Native American Legends
The Fox and the Wildcat
A Jicarilla Apache Legend
As soon as his life was restored, Fox went to the Buffalo head,
and cut off the long pendent hair, i-yûn-e-pi-ta-ga, beneath
its under jaw.
Fox took this to a prairie-dog village near at hand, and told the
inhabitants that it was the hair of a man, one of that race dreaded
by the prairie-dogs because of its attacks upon them, which he had
He easily persuaded the prairie-dogs to celebrate his victory with
feasting and dancing. With a stone concealed in his hand, he killed
all the prairie-dogs as they circled around in the dance.
Fox then placed them in a pit, and built a huge fire over them,
leaving them to roast while he slept.
Nîn-ko-jîn, the Wildcat, came along, and stole all
the roasted prairie-dogs while Fox slept, save one at the end of
the pit, leaving the tails, which were pulled off.
Fox awoke after some time, and flew into a great rage when he found
only the tails left; the solitary dog was thrown over his shoulder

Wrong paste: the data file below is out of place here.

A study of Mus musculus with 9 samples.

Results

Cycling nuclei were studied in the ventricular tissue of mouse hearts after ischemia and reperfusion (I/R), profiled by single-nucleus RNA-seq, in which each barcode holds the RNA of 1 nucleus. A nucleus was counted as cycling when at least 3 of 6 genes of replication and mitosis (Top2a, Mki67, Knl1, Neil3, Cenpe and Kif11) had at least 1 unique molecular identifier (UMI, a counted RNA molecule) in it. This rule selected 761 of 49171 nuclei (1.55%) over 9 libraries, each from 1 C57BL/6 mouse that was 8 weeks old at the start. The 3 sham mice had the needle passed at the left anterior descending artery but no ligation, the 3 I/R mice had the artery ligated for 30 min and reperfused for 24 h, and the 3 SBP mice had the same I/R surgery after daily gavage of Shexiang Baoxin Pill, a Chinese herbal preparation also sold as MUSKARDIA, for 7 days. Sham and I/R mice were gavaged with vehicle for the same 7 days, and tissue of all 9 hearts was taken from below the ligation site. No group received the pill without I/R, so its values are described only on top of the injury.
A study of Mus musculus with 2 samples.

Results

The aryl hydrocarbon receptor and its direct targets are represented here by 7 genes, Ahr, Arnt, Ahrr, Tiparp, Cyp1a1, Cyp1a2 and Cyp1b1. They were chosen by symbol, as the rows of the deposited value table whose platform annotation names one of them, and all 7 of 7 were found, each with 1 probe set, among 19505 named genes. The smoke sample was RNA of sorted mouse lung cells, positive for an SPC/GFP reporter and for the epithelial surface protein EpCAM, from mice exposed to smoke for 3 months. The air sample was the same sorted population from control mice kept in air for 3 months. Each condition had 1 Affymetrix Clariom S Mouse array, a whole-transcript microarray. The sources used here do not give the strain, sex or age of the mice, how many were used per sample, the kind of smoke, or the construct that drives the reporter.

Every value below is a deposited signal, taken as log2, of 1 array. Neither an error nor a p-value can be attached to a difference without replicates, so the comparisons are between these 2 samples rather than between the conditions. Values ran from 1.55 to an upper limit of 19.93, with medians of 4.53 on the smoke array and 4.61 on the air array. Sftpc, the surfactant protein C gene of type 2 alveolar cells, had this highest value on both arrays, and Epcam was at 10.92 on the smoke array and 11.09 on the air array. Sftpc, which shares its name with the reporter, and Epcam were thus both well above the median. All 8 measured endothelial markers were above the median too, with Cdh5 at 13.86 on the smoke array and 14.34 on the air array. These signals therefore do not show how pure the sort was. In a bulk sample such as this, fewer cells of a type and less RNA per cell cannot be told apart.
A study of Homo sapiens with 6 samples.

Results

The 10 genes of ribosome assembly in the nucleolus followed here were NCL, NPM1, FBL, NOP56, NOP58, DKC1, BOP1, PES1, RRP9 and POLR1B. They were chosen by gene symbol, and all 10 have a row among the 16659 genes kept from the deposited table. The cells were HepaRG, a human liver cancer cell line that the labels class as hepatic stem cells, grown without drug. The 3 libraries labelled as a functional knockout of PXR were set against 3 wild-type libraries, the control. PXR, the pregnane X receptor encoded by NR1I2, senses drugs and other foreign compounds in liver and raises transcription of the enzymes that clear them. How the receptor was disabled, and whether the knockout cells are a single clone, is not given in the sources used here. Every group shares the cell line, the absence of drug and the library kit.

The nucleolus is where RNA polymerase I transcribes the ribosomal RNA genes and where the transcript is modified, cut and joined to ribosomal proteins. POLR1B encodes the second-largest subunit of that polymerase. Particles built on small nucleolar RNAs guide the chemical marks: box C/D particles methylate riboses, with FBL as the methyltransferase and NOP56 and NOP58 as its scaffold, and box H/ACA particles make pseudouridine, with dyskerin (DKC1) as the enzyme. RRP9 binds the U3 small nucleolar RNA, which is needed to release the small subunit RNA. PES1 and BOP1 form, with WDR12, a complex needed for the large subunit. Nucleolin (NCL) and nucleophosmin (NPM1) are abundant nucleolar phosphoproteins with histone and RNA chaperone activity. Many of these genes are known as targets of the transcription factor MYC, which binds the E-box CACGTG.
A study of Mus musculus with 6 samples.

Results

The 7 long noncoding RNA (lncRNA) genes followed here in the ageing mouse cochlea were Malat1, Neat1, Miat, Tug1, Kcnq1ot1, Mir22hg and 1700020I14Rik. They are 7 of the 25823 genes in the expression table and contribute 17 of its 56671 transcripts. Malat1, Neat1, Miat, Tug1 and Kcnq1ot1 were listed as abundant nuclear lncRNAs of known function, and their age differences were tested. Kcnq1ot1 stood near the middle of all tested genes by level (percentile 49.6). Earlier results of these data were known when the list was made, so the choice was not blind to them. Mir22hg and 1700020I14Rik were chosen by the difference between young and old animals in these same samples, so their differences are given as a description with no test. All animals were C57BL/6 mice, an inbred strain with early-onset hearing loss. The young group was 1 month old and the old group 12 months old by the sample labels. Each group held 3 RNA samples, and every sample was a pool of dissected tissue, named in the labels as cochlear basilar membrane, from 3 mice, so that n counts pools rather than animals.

in his fit of passion. The gnawing of hunger soon induced him to
search for the dog he had thrown away.
In the stream close by he thought he saw the roasted body; taking
off his clothes, he swam for it, but could not grasp it. Again and
again he tried, and finally dove for it until he bumped his nose
on the stony bottom.
Tired out with his efforts, he laid down upon the bank to rest,
and, as he glanced upward, saw the body of the prairie-dog lying
among the branches which projected over the water. Fox recovered
the coveted morsel, ate it, and set off on the trail of the Wildcat.
He found Wildcat asleep under a tree, around which he set a fire.
With a few quick strokes he shortened the head, body, and tail of
Wildcat, and then pulled out the large intestine and roasted it.
Fox then awakened Wildcat, and invited him to eat his (Wildcat's)
flesh, but to be careful to save a small piece, and put it back
in its place, for he would need it. Fox then left him.
Wildcat followed Fox, intent upon revenge. He found Fox asleep,
but instead of shortening that animal's members he lengthened them;
the ears were only straightened, but the head, body, and tail were
elongated as we see them at the present day. The intestine scene
was repeated with the Fox as victim.